Insect emergence during the growing season appears to be based on a variety of factors, particularly weather factors. As cold-blooded creatures, insects are sensitive to outdoor temperatures. It has been demonstrated that various species develop above certain threshold temperatures; at lower temperatures, development is sharply reduced or halted.
A variety of methods are used to predict when a pest insect is at a susceptible stage. Calendar date has been used for years but does not take into account warm springs, which accelerate insect development, or cold springs, which retard it. Using degree days is more accurate in predicting insect emergence, but this method requires calculation or at least entering daily high and low temperatures into a calculator or computer program.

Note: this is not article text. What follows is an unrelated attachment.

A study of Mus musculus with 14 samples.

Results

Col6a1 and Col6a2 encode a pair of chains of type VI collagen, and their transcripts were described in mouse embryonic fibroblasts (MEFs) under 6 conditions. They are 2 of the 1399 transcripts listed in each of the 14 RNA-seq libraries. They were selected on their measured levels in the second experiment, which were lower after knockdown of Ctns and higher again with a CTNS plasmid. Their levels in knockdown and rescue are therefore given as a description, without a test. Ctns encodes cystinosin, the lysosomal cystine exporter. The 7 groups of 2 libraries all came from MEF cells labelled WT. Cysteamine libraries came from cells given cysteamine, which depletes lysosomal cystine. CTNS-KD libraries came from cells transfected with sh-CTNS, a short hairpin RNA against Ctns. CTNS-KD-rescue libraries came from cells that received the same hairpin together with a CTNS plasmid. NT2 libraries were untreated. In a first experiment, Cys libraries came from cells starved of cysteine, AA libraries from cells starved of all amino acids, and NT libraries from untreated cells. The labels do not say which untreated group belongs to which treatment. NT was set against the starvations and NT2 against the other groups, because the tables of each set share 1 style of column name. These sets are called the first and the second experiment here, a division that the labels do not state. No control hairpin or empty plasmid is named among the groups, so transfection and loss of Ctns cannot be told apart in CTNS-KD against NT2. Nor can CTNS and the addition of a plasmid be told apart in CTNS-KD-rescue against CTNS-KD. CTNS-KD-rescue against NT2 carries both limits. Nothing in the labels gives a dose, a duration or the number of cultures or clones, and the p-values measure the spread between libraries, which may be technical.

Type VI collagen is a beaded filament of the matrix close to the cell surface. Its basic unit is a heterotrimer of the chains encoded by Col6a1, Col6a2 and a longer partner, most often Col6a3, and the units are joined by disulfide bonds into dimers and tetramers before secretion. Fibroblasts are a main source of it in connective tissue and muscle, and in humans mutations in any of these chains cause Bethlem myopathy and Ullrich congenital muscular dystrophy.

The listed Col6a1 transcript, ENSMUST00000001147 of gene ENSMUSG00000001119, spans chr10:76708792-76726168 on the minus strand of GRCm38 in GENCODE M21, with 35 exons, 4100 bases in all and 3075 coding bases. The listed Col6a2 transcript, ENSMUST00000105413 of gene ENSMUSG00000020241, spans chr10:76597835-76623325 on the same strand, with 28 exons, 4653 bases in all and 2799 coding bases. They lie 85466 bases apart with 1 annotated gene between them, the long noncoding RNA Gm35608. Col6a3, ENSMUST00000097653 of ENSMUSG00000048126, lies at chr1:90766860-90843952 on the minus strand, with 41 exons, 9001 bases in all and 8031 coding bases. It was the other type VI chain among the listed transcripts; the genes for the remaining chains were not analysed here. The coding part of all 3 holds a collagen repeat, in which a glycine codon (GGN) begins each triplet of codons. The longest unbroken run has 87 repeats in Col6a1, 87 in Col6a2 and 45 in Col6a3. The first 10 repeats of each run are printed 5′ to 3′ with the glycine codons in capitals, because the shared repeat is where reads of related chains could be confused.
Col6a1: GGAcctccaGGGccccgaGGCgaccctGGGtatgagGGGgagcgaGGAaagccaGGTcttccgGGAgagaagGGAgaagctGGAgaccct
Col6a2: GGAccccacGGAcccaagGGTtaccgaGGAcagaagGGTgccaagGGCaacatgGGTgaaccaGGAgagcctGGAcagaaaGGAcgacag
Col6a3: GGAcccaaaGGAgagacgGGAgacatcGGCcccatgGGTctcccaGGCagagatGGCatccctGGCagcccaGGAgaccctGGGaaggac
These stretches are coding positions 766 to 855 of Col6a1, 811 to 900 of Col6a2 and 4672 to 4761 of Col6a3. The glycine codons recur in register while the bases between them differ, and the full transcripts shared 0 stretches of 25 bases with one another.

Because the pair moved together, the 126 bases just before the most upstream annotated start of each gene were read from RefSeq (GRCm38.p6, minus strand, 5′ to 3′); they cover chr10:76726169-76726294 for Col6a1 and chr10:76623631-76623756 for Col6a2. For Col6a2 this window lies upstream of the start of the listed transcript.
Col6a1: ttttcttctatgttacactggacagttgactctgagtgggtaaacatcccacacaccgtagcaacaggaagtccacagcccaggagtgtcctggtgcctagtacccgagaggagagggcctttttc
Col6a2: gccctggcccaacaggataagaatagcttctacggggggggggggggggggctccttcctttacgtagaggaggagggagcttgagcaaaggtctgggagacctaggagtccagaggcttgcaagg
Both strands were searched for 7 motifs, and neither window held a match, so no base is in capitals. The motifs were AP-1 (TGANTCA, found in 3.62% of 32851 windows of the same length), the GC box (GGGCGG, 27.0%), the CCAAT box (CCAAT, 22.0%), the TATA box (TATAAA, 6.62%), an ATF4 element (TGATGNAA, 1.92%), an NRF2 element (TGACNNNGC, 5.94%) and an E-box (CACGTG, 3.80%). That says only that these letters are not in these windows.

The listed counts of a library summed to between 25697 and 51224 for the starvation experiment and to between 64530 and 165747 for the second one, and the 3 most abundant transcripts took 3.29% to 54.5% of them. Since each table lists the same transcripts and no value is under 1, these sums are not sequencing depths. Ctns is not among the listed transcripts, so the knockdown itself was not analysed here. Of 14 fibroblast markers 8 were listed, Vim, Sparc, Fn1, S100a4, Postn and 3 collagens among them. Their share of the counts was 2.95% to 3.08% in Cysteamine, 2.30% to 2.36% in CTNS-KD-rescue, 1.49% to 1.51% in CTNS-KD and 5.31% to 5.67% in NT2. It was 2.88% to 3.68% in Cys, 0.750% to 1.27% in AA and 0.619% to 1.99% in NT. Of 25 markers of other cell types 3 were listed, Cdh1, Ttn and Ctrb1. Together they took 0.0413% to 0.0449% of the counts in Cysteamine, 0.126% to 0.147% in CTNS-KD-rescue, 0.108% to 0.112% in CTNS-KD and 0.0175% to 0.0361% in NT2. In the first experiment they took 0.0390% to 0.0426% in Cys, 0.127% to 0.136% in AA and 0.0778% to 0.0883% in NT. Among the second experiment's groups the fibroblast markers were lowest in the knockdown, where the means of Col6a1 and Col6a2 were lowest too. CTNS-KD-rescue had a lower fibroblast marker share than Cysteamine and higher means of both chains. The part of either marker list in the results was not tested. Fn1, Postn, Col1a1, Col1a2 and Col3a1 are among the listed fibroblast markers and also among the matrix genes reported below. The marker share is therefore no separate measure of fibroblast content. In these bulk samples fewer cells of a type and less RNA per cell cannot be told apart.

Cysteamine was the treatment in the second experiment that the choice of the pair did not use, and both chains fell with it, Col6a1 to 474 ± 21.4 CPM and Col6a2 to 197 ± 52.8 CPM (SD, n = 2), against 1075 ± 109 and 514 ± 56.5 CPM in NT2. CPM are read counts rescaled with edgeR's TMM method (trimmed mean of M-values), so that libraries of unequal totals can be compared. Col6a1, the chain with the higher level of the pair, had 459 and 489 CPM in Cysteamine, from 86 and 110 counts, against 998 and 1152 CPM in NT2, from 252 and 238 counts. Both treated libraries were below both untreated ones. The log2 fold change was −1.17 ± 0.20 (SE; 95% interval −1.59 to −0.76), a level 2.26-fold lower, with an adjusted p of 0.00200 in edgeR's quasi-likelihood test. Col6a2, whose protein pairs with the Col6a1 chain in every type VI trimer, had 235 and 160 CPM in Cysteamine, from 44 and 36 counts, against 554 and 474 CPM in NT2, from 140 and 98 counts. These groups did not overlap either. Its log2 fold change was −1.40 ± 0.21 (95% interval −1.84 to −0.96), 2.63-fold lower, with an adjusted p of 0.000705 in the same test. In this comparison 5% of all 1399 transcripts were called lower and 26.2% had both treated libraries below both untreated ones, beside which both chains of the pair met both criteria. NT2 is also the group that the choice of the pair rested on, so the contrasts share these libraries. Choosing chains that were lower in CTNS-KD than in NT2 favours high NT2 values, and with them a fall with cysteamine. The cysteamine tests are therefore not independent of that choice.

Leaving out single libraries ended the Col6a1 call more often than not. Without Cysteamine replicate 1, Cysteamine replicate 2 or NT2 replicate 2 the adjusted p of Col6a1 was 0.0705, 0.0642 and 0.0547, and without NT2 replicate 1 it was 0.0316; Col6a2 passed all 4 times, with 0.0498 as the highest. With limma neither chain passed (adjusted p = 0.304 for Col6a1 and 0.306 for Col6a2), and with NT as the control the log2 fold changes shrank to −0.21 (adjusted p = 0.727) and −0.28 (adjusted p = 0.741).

Plant phenology is the process of associating a plant event, such as blooming, with the presence of a susceptible stage for pests. This is a very practical method because landscapers or nursery personnel can observe the plants in the course of their daily work as an indicator of when to expect susceptible insect stages. Phenology should be used to help determine when to scout for an insectand not as a stand-alone insect control guide. As with any system, the presence, number, and potential damage of an insect must be verified before insect pest management is undertaken.
The book Coincide by Donald A. Orton provides susceptible-stage information on a wide range of landscape insect pests based on the observation of blooming and other phenological events on common landscape plants. The book is available for about $30 through White Oaks Group, P.O. Box 1, Flossmoor, IL 60422 and by telephone at (708) 755-9700. We are particularly fortunate in Illinois because Don Orton, an Illinois Department of Agriculture nursery inspector, made most of his observations within our state.